By Mary A. Adair

Motherhood within Native American culture is a fascinating microcosm of the culture itself. It encompasses a unique mix of nurturing and independence that prepares their children for both a celebration of life’s forthcoming blessings and the promise of a less than forgiving world with its fair share of challenges.

There was a time when Native American mothers kept their children close to them by tying them in a sling to their bodies and carrying on with their daily duties, whether it be retrieving beans and berries for dinner or gathering wood for fire. However, modern society has crept in and has chipped away at that simple way of life; some Native American mothers have gone from breastfeeding to bottled milk. But, the cultural tapestry woven by the women before them remains key in how Native American mothers preside over their families.

For Native Americans, tribal identity is very important and is a key factor in the personal development of their children. Women are the stewards of this tradition. They play a key role in an extended family system that’s defined in terms of household composition which includes the mother, father, children, grandparents, aunts, uncles, and cousins. Within this setup, the mother of the household is responsible for setting a tone of assistance and nurturing.  Grandmothers play the role of teacher by way of storytelling.


The values of loyalty, respect for elders, humility, giving and sharing, avoidance of personal glory, and love of the land is taught by the mother.  Native Americans have respect for nature and believe in working with nature rather than fighting it or trying to control it. Native American mothers regard children as beloved gifts.  Rather than likening children to chores or people who must be controlled at all costs, these mothers genuinely enjoy caring for and playing with their children. 

This lays the groundwork for their children’s’ value systems. Responsibility, courage, patience, optimism, and contentment is also reinforced. 


Children are typically reared and socialized in an atmosphere that exposes them to a large number of family members - parents, aunts, uncles, cousins and grandparents.  Not only does the mother provide child rearing, but also aunts and grandmothers. Grandparents – especially the grandmothers - tell the children stories about their heritage so that cultural beliefs and values are passed on.

Mothers set a tone of autonomy so as to allow children to learn to make their own decisions. Developmental milestones are treated with a sense of laxity. For example, it would be unusual to find a Native American parent working with their child with flash cards in an effort to encourage the child to be an early reader. Children are seen as unique individuals who develop at their own pace. Native American parents permit their children to develop in their own time and with minimal rules. The belief is that attempting to guide or control behavior of another individual is disrespectful. That’s not to say that discipline is nonexistent in Native American families. Correct conduct is taught to children via ceremonies and direct or indirect instruction by parents, extended family, tribal elders, or traditional healers. Positive reinforcement is used to teach children.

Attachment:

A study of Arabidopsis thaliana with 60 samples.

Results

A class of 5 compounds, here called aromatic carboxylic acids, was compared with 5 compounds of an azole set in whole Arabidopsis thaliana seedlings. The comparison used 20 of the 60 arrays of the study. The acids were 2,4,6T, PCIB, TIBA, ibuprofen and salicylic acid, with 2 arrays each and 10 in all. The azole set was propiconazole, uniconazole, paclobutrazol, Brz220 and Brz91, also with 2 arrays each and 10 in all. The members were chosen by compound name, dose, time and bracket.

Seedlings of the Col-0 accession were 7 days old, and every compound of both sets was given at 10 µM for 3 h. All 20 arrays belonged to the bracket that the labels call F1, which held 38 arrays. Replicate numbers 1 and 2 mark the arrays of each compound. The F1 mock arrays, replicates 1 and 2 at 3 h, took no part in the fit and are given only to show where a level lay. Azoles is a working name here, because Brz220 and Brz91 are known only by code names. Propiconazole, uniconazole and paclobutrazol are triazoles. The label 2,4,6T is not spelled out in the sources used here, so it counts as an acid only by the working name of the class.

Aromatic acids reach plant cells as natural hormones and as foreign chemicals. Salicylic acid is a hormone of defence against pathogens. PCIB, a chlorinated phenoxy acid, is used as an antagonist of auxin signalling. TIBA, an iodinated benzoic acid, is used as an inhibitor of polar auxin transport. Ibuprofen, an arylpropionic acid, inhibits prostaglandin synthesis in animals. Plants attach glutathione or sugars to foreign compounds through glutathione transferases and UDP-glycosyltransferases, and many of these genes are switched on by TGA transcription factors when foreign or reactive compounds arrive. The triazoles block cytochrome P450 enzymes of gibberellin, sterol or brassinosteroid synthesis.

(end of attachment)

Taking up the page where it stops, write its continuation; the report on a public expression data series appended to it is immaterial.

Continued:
Though there’s been an evolution away from some Native American traditions, the overall spirit of those traditions still remain. It’s important to understand some of these traditions to get a sense of where these women – mothers – get their unique sense of family values.

The importance of women in Native American culture is apparent when you consider that beyond being mother to their tribes’ children, they were farmers, craftswomen, builders and even warriors. This required a strength that was essential to the survival of their tribes and their children.

It wasn’t uncommon for women to gather materials and build homes for everyone. In most tribes, women were considered owners of the homes in which they lived.  Also, Native American mothers would help their men hunt buffalo, then skin, cut and cook them.  Native American women were not only homemakers. The made tools and weapons, served as medicine women. Many tribes considered women to have more healing power with a special connection to the spirit world. They cared for their children and husbands.

Today, the granddaughters of these women are now mothers of their own. She is the provider, nurturer, mother, counselor and she is the spiritual and medical healer to her children and tribe much like the mothers of the past.

Motherhood within Native American culture is both sweet and complex. It involves the wearing of many hats and the expending of much time. But, these women would not have it any other way as this is what keeps them tied to their beloved traditions and one with their spirit. Form them, family is about emotional support, mutual aid, respect, affection and deference and respect given to their husbands and their extended families.


  1. Good post, Mary. I think all mothers want the same things for their children, don't you? No matter what our cultural heritage, we just want our children to be happy and healthy.

  2. This is pretty fascinating. I lived moderately close to a reservation and my elementary schools would "join up" for certain events, but us being kids no one wanted anything to do with the other schools and just clumped together. Honestly, I felt like our teachers would chill out a lot when the other school was around, and I wonder if this is related to what you're describing above.

    Anyway, it's interesting to reflect on.

  3. I too think mothers are universal in wanting their children to be healthy and happy. Great post, Mary.